Baseball is moving towards its all-star break (and the Tigers are struggling). The Women’s World Cup has been completed (with the United States victorious). Nike just signed a major contract to “outfit” the University of Michigan’s athletic teams (football season must be just around the corner). Surprisingly, 2015 has reached its halfway point, as well – revealing some interesting highs and lows that warrant discussion.
Michigan has experienced an excellent “growing season” to date – with crops and mosquitos greatly exceeding expectations (though golf courses and other facilities depending upon warm, dry weather are suffering). Our Great Lakes, inland lakes and streams have reached near-record levels due to our abundant rainfall (but the west coast is preparing to ration water due to several years of drought). Our strategic oil reserves have reached capacity so a brief period of relatively inexpensive gasoline is helping us to travel more this summer (but government and environmental authorities seem committed to advancing solar and wind power by investing heavily into not-yet proven technology). Our economy seems impervious to disruption (though finding qualified workers is posing a significant challenge to our local employers and the International Financial situation in Greece has significantly subdued our national economic growth). We seem to be experiencing a time of contradiction – a period when all looks well on the surface until we dig down a bit to reveal a convoluted and unpredictable core. Looking into some of the issues we are facing, some sad realities become apparent.
Why do we expect inexpensive gas and oil to be an everyday reality when we celebrate the fact that major oil companies must pay unprecedented penalties ON TOP OF repairing damages created by workplace accidents? How can we expect alternative energy sources to emerge when we place in their paths insurmountable roadblocks? How can we harness the wind’s energy when everyone wants turbines placed in someone else’s backyard? How can nuclear energy grow when it takes nearly ten years to approve and build a new power plant? Renewable energy sources are part of the solution – yet wood-burning furnaces have been restricted in many communities because they put out too much pollution. While the impact on individual lives is staggering, the same people who enjoyed high-paying jobs within energy-producing companies lobby for compensatory relief and life-long security from their former employers should an accident occur. Have we become a nation that takes credit for the good in life, seeking bounty from its offerings, yet assigning blame to others for the bad, seeking retribution and gain from their losses? It seems that this dark aspect of our nature has not changed during the first part of 2015 – far too many seek to gain from others pain rather than trying to benefit from their own investments of sweat equity.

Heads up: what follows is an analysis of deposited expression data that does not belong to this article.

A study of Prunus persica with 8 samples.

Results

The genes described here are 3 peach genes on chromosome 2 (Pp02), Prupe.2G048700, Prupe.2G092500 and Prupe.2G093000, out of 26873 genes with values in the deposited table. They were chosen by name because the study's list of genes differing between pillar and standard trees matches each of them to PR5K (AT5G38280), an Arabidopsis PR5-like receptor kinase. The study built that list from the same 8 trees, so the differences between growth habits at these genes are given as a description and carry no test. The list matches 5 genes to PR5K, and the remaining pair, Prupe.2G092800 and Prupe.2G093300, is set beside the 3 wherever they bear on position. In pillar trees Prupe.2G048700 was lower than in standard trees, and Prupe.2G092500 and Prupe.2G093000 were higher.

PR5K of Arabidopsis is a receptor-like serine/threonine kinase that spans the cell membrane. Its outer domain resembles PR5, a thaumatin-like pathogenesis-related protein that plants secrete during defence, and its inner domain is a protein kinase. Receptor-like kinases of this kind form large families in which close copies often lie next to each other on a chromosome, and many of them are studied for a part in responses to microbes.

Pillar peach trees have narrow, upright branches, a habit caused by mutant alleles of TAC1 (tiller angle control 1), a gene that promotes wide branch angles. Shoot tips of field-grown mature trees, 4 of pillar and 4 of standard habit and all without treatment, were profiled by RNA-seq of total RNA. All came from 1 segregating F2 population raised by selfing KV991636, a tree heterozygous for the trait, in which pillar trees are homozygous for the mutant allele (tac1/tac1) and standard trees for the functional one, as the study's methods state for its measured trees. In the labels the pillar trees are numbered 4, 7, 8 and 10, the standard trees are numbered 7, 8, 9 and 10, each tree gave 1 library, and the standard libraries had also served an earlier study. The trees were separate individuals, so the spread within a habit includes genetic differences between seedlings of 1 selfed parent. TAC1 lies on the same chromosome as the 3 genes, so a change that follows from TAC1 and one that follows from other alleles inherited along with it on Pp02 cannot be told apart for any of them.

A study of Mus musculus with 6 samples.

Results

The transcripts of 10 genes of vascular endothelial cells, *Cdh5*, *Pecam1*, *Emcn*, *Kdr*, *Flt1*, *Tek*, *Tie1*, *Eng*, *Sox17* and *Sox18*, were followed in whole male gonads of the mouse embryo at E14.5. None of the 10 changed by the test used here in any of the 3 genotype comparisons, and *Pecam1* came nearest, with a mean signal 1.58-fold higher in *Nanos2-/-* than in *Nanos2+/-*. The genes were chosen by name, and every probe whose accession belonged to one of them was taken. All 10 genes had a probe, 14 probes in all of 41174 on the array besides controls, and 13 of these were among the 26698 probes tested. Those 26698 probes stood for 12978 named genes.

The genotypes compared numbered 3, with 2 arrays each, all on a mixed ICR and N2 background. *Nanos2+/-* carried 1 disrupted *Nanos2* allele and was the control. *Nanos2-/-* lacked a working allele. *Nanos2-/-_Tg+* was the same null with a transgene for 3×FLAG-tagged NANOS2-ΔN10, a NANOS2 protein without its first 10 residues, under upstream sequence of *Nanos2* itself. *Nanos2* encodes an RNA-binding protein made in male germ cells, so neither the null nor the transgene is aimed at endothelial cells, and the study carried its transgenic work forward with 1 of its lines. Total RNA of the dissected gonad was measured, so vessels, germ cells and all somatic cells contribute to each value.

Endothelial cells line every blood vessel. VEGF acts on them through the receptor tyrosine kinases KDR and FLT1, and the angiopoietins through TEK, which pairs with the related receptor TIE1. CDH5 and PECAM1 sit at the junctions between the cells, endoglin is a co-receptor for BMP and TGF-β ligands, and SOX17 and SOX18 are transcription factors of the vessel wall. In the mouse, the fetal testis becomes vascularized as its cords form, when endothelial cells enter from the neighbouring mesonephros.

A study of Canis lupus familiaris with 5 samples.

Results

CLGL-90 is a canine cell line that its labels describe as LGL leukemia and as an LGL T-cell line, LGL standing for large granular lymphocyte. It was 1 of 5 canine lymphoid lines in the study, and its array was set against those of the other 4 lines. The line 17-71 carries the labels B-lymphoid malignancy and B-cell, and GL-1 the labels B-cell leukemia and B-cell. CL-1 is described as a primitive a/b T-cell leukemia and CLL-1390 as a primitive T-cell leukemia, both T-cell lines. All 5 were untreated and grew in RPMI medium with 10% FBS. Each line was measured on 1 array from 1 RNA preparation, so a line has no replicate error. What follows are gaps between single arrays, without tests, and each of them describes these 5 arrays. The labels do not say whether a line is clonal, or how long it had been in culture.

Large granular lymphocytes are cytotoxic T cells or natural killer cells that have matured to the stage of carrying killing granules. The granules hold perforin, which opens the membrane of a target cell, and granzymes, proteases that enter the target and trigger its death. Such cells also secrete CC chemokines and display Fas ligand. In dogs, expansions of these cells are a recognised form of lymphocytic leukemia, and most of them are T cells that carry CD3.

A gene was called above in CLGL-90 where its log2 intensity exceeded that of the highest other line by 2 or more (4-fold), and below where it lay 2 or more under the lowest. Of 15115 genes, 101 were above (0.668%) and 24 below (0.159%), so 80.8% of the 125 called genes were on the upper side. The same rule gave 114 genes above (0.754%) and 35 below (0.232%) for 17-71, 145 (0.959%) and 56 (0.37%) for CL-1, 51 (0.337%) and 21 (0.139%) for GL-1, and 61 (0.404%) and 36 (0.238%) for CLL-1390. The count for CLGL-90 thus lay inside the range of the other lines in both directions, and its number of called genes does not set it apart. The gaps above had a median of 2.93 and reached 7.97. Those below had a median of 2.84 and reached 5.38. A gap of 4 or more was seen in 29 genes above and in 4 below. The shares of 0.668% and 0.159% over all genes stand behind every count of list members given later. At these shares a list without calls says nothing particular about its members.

Small companies are expanding but are operating with fewer people making more things. Since efficiency is up, expanding opportunities will not likely return our workforce to previous levels. New companies are entering our region BUT employees able to do available work are coming with the company from outside of our current workforce (not everyone is eager to learn new skills). While jobs are available, a higher level of expertise is required for employees to program machines, work with computerized systems and effectively communicate with others (both internally and externally).
While most companies have not given excessive pay increases during the last several years (if one pays attention to the media, our employers are exploiting their workers and making obscene profits), lower-paid employees have been added to the workforce so average rates do not appear to have increased as much as they have. Interestingly, whether the economy moves along at a 2% or a 4% growth curve, average worker wages seem to increase (on average) about 2.5 – 3% (reflecting an influx of lower-paid workers into an economy filled with highly experienced workers). Automotive suppliers seem to be stronger than in the recent past (but anticipate a bit of a slowdown through the first part of 2016). In that next year is an election year, we often see a general slowing of the economy after May or June until the outcome of our vote has been revealed. The service-sector is growing yet many non-profits depending on State funding are justifiably concerned as their income streams have been effectively choked off. Our economy is improving but balances precariously on edge with any shift or delay from current growth trends poised to deal a staggering blow to our recovery.
As the second half of 2015 approaches, perhaps it is time we all returned to our roots – a free-market economy in which demand (rather than mandate) established supply and innovation (rather than mass-production) fulfilled our countries’ needs. Long-term success always has (and always will) come to ethical people who produce an excellent product, provide exceptional service at a competitive price and/or enter into meaningful 2-way relationships that provide “win-win” situations rather than “my way or the highway” exclamations. Though our region’s economic engine has not yet fully abandoned its “full steam ahead” expectation, we do hear initial rumblings asking, “What happened to all we had?”
Looking back at mid-year should encourage us to celebrate our accomplishments mildly – to enjoy all that we have done and immerse ourselves in the good that has come to us. We must also, however, maintain awareness of what has yet to be identified (achieved or accomplished). Much positive has happened during 2015 – perhaps it is time we allowed those things that have been but visualized to this point to become inspiration and destination for those around us as they continue to move forward through the second half of this year - as we bring reality to the dreams of our future.